Tax credit that aids housing work extended

Tax credit that aids housing work extended

SPRINGFIELD – An affordable housing tax credit that has aided developments including the New Holland Apartments in Danville and the Taylor Thomas subdivision in Champaign has been extended for five years.

Gov. Rod Blagojevich signed legislation on Friday authorizing the extension.

"The Illinois Affordable Housing Tax Credit helps thousands of people in the state building their lives on the strong foundation of a safe and decent home," said a statement from the governor.

The tax credit encourages donations of land, cash, materials or buildings to not-for-profit developers of affordable housing, according to Jennifer Wood, spokeswoman for the Illinois Housing Development Authority. The credit is equal to 50 cents for every dollar in donations and may be applied to state individual or business income taxes.

"It's a really great resource for affordable housing," Wood said.

The tax credit program had been set to expire at the end of 2006, but once the governor signed HB 603 into law, that deadline was extended to Dec. 31, 2011.

"The Illinois Affordable Housing Tax Credit is an excellent example of effective state government, government that encourages people from the private, public and nonprofit sectors to work together to meet the needs of Illinois residents," said state Rep. Art Turner, D-Chicago, who sponsored HB 603 with state Sen. William E. Peterson, R-Long Grove.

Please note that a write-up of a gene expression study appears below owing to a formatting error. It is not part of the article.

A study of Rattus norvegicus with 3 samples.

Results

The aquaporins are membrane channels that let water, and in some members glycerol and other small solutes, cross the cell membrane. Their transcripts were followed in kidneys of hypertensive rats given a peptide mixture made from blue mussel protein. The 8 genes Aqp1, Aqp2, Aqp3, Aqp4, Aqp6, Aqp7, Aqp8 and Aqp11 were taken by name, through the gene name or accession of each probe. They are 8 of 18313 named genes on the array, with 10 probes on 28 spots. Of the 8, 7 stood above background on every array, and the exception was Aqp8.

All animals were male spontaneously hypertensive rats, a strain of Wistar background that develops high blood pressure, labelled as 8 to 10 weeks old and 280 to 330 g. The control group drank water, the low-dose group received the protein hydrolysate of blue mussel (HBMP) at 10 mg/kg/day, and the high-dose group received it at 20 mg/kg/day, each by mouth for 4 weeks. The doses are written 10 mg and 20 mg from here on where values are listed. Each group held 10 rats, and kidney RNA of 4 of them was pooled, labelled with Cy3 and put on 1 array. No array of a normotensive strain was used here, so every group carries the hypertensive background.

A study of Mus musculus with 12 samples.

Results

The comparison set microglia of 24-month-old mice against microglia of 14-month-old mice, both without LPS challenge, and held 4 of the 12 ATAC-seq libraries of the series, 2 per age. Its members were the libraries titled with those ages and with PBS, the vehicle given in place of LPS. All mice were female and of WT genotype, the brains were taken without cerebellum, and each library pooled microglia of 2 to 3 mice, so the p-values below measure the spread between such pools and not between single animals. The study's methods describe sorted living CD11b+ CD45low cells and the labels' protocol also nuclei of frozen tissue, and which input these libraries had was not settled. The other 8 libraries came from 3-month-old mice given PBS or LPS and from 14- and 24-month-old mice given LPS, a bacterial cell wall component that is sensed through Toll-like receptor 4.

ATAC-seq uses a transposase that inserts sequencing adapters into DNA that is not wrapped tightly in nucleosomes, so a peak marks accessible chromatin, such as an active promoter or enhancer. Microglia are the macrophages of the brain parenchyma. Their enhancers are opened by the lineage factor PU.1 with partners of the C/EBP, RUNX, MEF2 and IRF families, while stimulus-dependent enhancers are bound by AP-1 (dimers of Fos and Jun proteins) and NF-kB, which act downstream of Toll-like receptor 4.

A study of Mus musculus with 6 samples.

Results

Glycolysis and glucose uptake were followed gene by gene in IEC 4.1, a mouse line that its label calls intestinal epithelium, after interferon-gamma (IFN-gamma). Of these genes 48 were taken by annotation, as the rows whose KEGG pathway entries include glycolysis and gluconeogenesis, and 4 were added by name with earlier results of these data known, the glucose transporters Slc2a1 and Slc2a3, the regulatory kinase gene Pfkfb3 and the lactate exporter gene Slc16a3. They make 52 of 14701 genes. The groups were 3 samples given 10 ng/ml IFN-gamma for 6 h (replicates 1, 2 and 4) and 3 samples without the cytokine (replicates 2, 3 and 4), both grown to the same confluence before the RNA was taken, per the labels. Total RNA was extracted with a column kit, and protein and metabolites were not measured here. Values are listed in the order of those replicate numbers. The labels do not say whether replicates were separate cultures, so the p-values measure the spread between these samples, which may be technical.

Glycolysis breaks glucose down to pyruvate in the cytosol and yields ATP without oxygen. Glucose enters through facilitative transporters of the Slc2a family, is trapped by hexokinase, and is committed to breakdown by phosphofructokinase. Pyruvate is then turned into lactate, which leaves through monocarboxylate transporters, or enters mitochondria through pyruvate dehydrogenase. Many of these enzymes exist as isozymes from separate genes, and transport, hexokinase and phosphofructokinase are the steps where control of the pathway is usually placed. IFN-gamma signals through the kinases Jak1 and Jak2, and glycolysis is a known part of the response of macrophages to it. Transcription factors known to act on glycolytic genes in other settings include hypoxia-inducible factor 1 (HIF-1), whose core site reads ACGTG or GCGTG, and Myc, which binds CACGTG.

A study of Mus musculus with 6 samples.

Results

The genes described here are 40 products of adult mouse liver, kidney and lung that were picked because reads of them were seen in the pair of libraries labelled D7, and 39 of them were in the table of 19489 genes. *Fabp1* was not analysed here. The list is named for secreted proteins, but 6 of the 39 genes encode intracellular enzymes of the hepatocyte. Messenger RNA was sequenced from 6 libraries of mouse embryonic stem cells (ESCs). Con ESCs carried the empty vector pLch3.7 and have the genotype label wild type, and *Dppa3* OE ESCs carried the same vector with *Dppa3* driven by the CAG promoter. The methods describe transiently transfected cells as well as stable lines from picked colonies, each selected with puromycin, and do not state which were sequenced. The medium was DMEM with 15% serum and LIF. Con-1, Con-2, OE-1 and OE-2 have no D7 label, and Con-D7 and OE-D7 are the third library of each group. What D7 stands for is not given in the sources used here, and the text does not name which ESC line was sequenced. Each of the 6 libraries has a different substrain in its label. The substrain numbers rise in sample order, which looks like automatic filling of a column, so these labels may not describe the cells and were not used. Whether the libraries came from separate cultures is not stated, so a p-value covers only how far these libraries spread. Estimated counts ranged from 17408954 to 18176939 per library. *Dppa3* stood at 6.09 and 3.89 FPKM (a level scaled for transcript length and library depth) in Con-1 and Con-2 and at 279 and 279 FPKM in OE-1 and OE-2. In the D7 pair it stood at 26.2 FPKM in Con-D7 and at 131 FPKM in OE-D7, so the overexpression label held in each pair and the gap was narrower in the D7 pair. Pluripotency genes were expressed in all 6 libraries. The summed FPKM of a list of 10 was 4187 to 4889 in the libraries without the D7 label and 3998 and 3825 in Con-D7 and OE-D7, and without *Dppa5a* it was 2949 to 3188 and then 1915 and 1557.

The tax credit has been in place for three years, during which $40 million in state tax credits were granted for $80 million in donations. Those donations contributed to the construction and rehabilitation of more than 5,000 affordable housing units, including some in East Central Illinois, Wood said.

In Champaign, the Taylor Thomas subdivision is being built on the site of the former Mansard Square Apartments, which were demolished in 1999 and 2000. When completed, there will be 15 new owner-occupied homes in the subdivision.

According to John A. Schneider, community development specialist for the city of Champaign, 12 of the homes will be affordable to those with household incomes at or below 80 percent of the median annual income for Champaign, which for a family of four is $48,300 or less. The remaining three homes will be sold at market rate, which means that there is no restriction on the income of the purchaser.

"Presently nine homes have been sold and are occupied," Schneider said. "One home has been sold and is in the construction process, and one more is going to be built as a spec. These will done in the next couple of months."

In Danville, the New Holland Apartments are being renovated by Crosspoint Human Services, which purchased the 100-year-old building at 324 N. Vermilion St. in 2001.

The 47 units will be a combination of one-bedroom, two-bedroom and three-bedroom apartments, which Crosspoint hopes to have completed by the end of November, said Gary Miller, director of building and grounds for Crosspoint. Several apartments are going to be made available to the homeless, and the rest will be rented to low-income residents, he said.

Crosspoint hopes to have the work completed by the end of November, Miller said.

To learn more about donating to these or other area projects through the Illinois Affordable Housing Tax Credit program, contact the Illinois Housing Development Authority at (312) 742-0467 or visit ViewPage.aspx?PageID=149.